Center for Biological Diversity

For Immediate Release, December 4, 2014

Contact:  Travis Bruner, Western Watersheds Project, (208) 788-2290             
Erik Molvar, WildEarth Guardians, (307) 399-7910
Randi Spivak, Center for Biological Diversity, (310) 779-4894
Todd Tucci, Advocates for the West, (208) 724-2142

Defense Bill Threatens Greater Sage Grouse, Would Give Free Pass to Livestock on Public Lands

WASHINGTON— The National Defense Authorization Act, soon to be considered by the U.S. House of Representatives, contains several provisions that would undermine current efforts to protect greater sage grouse on nearly 60 million acres of public lands, likely leading to the bird’s listing under the Endangered Species Act. The livestock lobby managed to get its “Grazing Improvement Act” into the bill (§3023), and this provision would automatically renew expiring grazing permits on public lands, even if these permits are causing the decline of greater sage grouse and other sensitive wildlife species.

“The proponents of the NDAA’s grazing provisions appear to be embracing a Wile E. Coyote philosophy of public-lands management,” said Todd Tucci, an attorney with Idaho-based Advocates for the West. “Because the NDAA requires automatic renewal of all grazing within sage grouse habitat — even grazing that is known to harm sage grouse populations and habitat — the livestock lobby’s approach is going to backfire and result in either making the listing of greater sage grouse under the Endangered Species Act unavoidable, or a “not warranted” listing decision untenable. Either way, the livestock lobby and its allies are walking off the cliff. Beep, beep,” said Tucci.

“This giveaway to the livestock industry should be stripped from the bill,” said Travis Bruner, executive director of Western Watersheds Project in Hailey, Idaho. “It is long past time for the livestock lobby to begin making the changes necessary to bring grazing on public lands into compliance with cornerstone environmental laws and agency policy.”

“This is a terrible deal for the American public and a devastating blow to the sage grouse,” said Randi Spivak, public lands director with the Center for Biological Diversity. “Livestock grazing spreads invasive species, increases fire risk and degrades rivers and streams. The solution is not to turn a blind eye to the harm caused to the greater sage grouse and hundreds of other species.”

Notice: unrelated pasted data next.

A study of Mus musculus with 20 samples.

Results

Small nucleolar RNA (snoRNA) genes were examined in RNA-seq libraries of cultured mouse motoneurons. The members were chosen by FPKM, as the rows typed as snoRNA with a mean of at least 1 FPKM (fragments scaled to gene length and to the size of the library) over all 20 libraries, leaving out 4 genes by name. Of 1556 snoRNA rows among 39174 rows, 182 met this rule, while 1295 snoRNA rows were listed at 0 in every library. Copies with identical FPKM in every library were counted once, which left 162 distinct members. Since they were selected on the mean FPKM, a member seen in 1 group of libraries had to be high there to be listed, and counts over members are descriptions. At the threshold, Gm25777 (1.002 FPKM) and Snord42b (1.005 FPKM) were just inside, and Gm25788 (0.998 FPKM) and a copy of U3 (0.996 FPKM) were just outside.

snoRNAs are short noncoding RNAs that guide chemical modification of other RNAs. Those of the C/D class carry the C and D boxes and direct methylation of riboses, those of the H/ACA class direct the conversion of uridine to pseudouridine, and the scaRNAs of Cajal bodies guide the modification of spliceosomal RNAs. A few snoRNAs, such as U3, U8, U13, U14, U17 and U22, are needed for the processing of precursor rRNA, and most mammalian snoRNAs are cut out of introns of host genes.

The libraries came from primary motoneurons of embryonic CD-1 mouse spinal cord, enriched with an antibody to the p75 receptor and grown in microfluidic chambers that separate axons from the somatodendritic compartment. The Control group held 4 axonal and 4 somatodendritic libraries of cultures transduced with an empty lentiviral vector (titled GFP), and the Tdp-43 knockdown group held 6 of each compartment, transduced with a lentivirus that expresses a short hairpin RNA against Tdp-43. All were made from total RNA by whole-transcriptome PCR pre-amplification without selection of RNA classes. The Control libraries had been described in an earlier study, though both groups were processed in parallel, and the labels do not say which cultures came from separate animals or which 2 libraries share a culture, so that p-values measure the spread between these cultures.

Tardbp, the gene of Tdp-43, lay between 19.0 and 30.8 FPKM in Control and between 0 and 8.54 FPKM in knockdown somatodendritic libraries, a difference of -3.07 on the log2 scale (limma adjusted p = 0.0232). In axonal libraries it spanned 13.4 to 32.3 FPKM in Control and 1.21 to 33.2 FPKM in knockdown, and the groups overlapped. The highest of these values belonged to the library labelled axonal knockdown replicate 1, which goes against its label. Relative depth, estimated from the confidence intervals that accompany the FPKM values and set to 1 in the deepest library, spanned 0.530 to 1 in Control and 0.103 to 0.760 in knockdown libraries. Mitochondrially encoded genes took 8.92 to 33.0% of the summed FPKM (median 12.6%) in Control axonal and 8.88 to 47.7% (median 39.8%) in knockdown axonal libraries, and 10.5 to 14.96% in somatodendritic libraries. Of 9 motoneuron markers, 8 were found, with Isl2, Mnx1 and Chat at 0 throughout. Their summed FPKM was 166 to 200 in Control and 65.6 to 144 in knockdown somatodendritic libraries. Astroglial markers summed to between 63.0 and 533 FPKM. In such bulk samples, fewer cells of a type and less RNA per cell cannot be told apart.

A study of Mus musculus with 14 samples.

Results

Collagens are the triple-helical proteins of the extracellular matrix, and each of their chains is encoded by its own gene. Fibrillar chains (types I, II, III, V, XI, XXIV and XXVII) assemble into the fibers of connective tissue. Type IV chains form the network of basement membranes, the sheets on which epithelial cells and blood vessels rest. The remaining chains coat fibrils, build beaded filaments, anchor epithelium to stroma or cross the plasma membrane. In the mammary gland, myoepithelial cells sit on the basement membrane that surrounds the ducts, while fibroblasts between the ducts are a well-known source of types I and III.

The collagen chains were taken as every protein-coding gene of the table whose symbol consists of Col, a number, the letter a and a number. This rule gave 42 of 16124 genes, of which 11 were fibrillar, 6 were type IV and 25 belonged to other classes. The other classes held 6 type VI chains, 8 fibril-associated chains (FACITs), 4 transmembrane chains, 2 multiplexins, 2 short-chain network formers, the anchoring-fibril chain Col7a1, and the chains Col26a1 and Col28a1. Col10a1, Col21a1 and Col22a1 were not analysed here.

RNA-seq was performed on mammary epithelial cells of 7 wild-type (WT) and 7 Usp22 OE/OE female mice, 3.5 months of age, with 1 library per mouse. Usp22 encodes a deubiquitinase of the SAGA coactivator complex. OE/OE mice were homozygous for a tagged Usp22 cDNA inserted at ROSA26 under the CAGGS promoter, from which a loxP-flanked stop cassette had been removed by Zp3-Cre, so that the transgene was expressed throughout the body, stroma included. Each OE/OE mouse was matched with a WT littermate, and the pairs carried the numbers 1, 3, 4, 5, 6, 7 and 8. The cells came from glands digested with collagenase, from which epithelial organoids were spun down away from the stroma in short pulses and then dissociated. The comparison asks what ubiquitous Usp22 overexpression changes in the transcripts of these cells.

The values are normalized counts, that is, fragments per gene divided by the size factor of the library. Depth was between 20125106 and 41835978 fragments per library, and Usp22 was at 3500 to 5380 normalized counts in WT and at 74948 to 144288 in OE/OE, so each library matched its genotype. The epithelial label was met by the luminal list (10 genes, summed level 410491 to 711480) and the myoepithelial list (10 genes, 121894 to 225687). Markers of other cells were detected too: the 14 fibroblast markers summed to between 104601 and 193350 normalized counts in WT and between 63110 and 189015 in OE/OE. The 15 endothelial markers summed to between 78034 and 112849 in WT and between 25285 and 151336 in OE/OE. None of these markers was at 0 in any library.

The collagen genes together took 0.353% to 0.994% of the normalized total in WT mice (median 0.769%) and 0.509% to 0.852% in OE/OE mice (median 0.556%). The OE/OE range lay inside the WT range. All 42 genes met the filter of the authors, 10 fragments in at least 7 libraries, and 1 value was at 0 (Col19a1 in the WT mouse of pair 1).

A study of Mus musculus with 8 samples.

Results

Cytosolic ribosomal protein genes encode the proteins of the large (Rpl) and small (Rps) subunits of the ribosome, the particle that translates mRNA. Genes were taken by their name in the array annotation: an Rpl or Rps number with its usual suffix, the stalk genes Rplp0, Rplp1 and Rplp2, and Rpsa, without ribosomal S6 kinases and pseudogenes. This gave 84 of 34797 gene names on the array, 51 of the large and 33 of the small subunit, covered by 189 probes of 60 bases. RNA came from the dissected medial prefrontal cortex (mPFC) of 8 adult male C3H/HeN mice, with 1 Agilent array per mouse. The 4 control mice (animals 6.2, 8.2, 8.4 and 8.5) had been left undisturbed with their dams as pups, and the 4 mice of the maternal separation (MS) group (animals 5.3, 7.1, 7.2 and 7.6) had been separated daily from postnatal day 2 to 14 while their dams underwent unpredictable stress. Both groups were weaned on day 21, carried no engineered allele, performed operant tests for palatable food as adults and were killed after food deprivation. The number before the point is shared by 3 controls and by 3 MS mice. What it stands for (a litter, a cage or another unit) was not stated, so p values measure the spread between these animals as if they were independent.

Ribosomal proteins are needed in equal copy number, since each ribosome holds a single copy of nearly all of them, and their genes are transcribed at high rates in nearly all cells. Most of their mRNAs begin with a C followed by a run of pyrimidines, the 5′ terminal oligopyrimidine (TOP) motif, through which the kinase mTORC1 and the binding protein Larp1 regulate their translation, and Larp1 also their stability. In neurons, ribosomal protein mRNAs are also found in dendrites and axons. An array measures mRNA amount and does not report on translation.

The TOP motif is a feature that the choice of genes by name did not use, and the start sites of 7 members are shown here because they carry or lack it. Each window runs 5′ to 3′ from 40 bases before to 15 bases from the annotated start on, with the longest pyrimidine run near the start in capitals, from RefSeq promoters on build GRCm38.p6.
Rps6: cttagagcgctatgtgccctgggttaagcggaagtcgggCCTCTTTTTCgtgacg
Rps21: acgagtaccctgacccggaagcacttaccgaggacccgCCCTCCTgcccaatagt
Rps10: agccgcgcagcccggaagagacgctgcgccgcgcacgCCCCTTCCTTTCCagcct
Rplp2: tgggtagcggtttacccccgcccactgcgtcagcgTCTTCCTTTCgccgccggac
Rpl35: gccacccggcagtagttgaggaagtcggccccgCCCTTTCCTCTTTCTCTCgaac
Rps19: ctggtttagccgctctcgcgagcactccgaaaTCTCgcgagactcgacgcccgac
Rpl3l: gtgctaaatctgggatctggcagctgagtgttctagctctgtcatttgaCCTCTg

Provisions to allow voluntary retirement of livestock grazing permits in Oregon and New Mexico, included in the original bipartisan compromise bill, were stripped away when the grazing legislation was incorporated into the current defense bill.

“The only environmentally beneficial part of the Grazing Improvement Act — voluntary grazing permit retirement — was removed, making this bill a wholesale disaster,” said Erik Molvar, wildlife biologist with WildEarth Guardians. “This bill would make it harder for government agencies to manage livestock grazing on public lands, and create new obstacles to restoring damaged habitats where livestock grazing is currently degrading the health of our public lands.”

A recent government study by the U.S. Geological Survey found that more than 4 million acres of grazing allotments in priority sage grouse habitat do not meet range-health standards. Under this bill the allotments could be renewed without any consideration for the harm they are causing to imperiled grouse, clean water, and recreational uses of public lands.

The Center for Biological Diversity is a national, nonprofit conservation organization with more than 800,000 members and online activists dedicated to the protection of endangered species and wild places.

Advocates for the West uses law and science to restore streams and watersheds, protect public lands and wildlife, and ensure sustainable communities in Idaho and other Western states.

American Bird Conservancy (ABC) is a 501(c)(3) not-for-profit membership organization whose mission is to conserve native birds and their habitats throughout the Americas. ABC acts by safeguarding the rarest species, conserving and restoring habitats, and reducing threats, while building capacity in the bird conservation movement.

Western Watersheds Project is a nonprofit conservation organization with a mission to protect and restore western watersheds and wildlife through education, public policy initiatives and litigation.

WildEarth Guardians works to protect wildlife, wild places, wild rivers, and the health of the American West, with 65,000 members across the West and nationwide.